History of American Crime: Coming to America
The United States is truly a nation of immigrants. To live in the New World is to ultimately have arrived from another shore. Geneticists and other scientists studying the human genome have shown that even our native peoples’ ancestors came from somewhere else, albeit many thousands of years before any Europeans. And the reason for all of this migration was no different millennia ago than it is today.
In the late 19th and early 20th centuries, immigrants boarded ships by the hundreds of thousands and endured the hardships of traveling in steerage all in the name of a better future. Italians, especially from the southern part of the boot, came in waves until by 1910, an estimated one-tenth of New York City’s population was made up of either newly arrived or first generation Italians. The majority were honest former farmers, craftsman, and unskilled labors. A much smaller number arrived with criminal pasts and no intentions of changing the manner in which they made their way in the world. These latter individuals would band together to first terrorize their neighbors in the Italian ghetto and later move throughout the city and over the whole country. Their crimes began with threats and extortion. Later, they would add loan-sharking, kidnapping, prostitution, drugs, alcohol, and murder to their repertoire.
The first known Sicilian Mafia member to reach the US is believed to have been Giuseppe Esposito. He arrived in New York with six criminal companions on the run from Italy where they were wanted for murder. Their list of victims included 11 wealthy landowners, and the chancellor and the vice chancellor of a Sicilian province. They were arrested in New Orleans in 1881 and extradited back to Italy. After these seven were deported, the next recognizable Mafia-style associates surfaced around 1900. Known as the Society of the Black Hand, they terrorized and extorted their fellow Italians, including opera star Enrico Caruso and wealthy Italian-American businessmen. The society’s name came from the calling card that accompanied their letters demanding protection money. Sometimes on the envelope, at other times on the doorpost, the victim would see a charcoal blackened handprint as a warning that failing to pay would have dire consequences. Their methods included kidnapping, murder, arson, and setting dynamite. Victims tended to pay.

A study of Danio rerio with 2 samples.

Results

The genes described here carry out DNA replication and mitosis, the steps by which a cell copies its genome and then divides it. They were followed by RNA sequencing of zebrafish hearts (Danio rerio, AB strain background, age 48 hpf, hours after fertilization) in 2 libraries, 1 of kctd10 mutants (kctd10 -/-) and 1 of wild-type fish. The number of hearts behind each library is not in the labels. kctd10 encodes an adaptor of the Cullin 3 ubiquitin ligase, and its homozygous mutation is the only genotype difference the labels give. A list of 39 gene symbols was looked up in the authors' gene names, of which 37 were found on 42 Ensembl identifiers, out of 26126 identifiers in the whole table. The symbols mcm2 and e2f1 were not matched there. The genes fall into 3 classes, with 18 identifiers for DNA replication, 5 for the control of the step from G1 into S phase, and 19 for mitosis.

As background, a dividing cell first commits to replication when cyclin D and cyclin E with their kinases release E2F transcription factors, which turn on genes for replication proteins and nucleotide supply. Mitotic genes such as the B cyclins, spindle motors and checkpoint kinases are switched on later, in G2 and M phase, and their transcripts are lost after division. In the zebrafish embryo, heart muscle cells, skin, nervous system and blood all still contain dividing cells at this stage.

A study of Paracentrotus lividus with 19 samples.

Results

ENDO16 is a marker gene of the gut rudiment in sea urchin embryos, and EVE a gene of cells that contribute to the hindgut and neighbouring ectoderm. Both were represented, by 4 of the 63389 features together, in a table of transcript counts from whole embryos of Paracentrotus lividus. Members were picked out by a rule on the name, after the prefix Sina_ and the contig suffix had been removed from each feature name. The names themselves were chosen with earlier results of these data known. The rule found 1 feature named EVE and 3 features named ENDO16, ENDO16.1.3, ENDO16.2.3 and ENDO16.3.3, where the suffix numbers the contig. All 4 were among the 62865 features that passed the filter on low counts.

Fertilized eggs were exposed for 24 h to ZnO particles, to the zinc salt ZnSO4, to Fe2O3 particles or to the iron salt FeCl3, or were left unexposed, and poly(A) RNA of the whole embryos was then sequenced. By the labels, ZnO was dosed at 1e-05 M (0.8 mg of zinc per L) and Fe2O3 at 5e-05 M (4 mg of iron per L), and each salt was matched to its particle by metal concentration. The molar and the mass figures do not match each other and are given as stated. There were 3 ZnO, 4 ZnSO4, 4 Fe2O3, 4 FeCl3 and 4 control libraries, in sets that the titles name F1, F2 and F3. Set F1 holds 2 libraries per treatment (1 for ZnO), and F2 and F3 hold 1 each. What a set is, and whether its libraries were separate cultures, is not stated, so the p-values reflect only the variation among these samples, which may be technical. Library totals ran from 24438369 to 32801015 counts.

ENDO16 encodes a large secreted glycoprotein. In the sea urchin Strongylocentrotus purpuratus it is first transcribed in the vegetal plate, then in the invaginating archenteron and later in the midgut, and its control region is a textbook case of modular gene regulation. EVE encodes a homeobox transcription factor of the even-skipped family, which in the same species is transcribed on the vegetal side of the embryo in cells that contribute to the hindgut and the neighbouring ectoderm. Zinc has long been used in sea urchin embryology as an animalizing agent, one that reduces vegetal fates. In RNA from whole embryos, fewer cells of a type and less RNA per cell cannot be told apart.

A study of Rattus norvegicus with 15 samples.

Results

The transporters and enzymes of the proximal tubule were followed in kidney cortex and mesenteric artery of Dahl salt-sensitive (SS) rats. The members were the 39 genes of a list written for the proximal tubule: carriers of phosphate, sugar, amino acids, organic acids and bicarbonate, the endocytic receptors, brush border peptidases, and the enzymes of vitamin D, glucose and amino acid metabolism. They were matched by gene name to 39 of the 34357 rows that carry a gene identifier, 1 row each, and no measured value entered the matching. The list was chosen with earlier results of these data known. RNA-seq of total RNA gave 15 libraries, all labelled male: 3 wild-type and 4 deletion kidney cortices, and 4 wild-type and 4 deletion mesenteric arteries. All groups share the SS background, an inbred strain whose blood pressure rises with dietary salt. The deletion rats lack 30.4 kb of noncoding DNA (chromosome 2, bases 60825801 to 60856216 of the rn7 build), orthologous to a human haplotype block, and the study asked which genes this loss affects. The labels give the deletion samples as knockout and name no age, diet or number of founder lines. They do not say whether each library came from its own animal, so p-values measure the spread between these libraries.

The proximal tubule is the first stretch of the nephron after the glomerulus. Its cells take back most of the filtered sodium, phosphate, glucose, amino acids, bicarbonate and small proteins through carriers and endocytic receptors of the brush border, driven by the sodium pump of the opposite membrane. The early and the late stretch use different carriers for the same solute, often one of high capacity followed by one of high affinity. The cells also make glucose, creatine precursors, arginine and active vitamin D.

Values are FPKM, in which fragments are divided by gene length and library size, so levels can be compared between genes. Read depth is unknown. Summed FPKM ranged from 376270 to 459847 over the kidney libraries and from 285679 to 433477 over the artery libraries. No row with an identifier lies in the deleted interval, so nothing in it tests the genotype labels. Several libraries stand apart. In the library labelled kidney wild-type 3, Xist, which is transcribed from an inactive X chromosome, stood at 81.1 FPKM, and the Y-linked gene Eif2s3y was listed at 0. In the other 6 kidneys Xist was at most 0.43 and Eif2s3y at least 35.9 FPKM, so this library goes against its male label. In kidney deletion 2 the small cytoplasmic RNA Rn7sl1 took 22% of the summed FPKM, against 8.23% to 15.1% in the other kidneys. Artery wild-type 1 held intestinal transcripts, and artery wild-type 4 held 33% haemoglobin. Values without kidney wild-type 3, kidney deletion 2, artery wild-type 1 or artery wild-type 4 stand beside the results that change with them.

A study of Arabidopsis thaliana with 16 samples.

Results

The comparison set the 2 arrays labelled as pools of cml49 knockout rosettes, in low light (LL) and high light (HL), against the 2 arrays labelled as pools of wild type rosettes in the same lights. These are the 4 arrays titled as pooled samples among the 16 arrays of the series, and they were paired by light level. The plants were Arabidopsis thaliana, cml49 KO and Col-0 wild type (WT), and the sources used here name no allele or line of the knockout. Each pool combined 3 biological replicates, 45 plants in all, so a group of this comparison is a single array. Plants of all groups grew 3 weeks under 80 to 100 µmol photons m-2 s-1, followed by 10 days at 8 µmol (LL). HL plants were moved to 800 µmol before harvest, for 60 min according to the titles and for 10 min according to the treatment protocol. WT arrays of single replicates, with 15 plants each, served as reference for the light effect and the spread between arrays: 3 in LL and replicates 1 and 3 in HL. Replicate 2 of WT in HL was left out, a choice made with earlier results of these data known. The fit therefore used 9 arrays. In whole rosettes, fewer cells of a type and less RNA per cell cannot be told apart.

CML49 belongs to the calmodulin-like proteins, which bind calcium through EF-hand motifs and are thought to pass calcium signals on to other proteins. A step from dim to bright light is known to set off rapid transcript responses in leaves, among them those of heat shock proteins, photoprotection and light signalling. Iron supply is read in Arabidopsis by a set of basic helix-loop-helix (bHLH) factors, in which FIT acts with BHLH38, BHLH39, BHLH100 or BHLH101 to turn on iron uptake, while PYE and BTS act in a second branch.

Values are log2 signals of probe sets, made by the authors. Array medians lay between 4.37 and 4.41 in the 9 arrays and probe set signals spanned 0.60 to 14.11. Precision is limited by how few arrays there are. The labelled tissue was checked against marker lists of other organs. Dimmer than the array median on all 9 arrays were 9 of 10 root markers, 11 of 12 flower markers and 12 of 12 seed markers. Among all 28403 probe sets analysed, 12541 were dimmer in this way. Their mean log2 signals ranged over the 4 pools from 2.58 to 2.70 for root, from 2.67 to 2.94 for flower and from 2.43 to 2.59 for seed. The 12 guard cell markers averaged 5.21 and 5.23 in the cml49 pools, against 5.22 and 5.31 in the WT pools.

Success in extorting their fellow Italians prompted the Black Hand to spread their malevolence beyond the borders of Little Italy, moving on to native-born Americans. Their ambitions extended far up the social chain to John D. Rockefeller’s granddaughter, baseball player Frank Chance, and ironically, Daniel Wesson, owner of the gun manufacturing company Smith and Wesson. Luckily for New Yorkers, the Black Hand had an able nemesis in Italian immigrant and NYPD detective Joseph Petrosino whose exploits are recounted in Stephen Talty’s The Black Hand: the Epic War between a Brilliant Detective and Dealiest Secret Society in American History (Houghton Mifflin Harcourt, April 25, 2017).
It was from organized criminal groups like the Black Hand that the American Mafia as we know it evolved. By the 1920’s, Prohibition gave rise to the nascent La Cosa Nosrta.